500 Miles, Five Days, One Mission: Group Bike Ride Advocates Bicycle Infrastructure & Safety

Jun 9, 2015

As the future of Wisconsin's Complete Streets program is still in question, having reliable funding for bicycle infrastructure is not just an issue Wisconsin faces.

Professional cyclist Tim Johnson led a group bike ride from Minnesota through Milwaukee to Chicago to illustrate the need for improved bike infrastructure.

Johnson founded the annual bike ride back in 2011. Originally called the Ride on Washington, he traveled throughout the east coast from Boston to Washington D.C. to lobby support from legislators for improved cycling conditions.

Riding through several states in harsh weather conditions, and at times even harsher road conditions, Johnson experienced the difficulty everyday cyclists face on their local roads.

"There was very little infrastructure and it was really eye opening for a lot of people on the ride that this is the way it is for a lot of people in the country. And so then it just kind of awakened my own interest in advocacy, and it became something we wanted to do every year," says Johnson.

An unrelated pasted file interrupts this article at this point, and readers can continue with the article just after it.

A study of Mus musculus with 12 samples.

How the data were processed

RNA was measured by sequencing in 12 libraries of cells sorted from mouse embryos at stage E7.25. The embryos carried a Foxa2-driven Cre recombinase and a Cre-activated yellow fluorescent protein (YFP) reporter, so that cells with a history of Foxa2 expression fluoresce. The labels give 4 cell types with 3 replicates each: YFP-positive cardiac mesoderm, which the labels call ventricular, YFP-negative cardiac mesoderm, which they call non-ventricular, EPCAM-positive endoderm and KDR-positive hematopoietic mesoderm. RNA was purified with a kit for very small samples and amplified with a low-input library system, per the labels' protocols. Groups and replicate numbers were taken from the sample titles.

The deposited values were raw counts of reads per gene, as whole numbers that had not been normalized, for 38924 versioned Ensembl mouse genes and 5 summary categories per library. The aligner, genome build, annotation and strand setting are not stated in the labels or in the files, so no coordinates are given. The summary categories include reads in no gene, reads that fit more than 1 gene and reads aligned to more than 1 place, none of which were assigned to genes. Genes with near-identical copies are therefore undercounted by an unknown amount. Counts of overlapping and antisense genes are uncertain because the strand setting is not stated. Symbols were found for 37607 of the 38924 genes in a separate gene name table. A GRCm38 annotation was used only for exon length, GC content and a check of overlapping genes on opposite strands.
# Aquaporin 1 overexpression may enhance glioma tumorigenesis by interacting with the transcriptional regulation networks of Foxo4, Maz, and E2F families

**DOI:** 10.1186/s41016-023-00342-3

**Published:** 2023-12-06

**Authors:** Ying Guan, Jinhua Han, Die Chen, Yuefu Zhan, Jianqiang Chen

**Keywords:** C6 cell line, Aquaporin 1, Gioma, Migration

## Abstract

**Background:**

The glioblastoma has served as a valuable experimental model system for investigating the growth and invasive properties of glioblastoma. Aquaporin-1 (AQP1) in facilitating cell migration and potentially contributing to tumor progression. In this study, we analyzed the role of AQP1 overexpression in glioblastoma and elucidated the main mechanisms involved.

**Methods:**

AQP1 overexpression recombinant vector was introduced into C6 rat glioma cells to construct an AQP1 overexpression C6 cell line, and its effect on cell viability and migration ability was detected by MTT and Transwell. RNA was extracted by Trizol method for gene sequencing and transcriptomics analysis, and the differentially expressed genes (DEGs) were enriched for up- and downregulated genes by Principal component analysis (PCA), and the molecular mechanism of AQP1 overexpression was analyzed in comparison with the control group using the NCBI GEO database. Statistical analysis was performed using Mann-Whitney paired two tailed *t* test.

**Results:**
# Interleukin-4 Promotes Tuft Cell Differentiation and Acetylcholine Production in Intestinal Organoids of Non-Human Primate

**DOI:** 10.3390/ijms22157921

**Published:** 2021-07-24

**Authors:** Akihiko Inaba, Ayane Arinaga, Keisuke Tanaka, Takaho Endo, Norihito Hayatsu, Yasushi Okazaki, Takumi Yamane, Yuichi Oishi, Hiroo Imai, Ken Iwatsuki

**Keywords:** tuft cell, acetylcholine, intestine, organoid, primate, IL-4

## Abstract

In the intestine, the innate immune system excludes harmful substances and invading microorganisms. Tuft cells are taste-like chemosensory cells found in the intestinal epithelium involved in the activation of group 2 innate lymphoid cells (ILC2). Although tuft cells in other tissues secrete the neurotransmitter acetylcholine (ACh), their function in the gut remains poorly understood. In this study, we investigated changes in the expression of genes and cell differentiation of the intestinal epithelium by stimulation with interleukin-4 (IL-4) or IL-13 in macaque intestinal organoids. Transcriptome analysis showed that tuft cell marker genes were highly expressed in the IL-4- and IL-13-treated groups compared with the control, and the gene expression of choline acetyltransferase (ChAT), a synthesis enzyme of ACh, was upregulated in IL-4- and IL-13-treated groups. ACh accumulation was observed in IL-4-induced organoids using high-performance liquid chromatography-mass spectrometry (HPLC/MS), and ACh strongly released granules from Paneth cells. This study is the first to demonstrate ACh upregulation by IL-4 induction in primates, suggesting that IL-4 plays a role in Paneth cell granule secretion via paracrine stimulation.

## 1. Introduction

This year's Ride on Chicago started in Minneapolis and concluded in Chicago this past Sunday.
Credit peopleforbikes.org

In 2014, the ride relocated to the Midwest and is now known as Tim Johnson's Ride on Chicago.

This past weekend, Johnson led a group of cyclists for more than 500 miles over five days (pedaling 85-120 miles per day) from Minneapolis to Chicago in an effort to bolster a program called PeopleForBikes. The organization’s mission is to make biking safe and accessible for everyone.

"I just want to be able to use my networks of cycling fans, and people I race with, companies that support me as a rider, to say this is something I care about and I think you should care about it too," says Johnson.

The group of riders passed through Milwaukee this past Sunday to kick off the last stretch of the ride at Ben's Cyle on Milwaukee's south side.

"The take away from this is that the people who are joining us, they become an advocate without even knowing it," says Johnson. "You never know what kind of impact that can make down the road."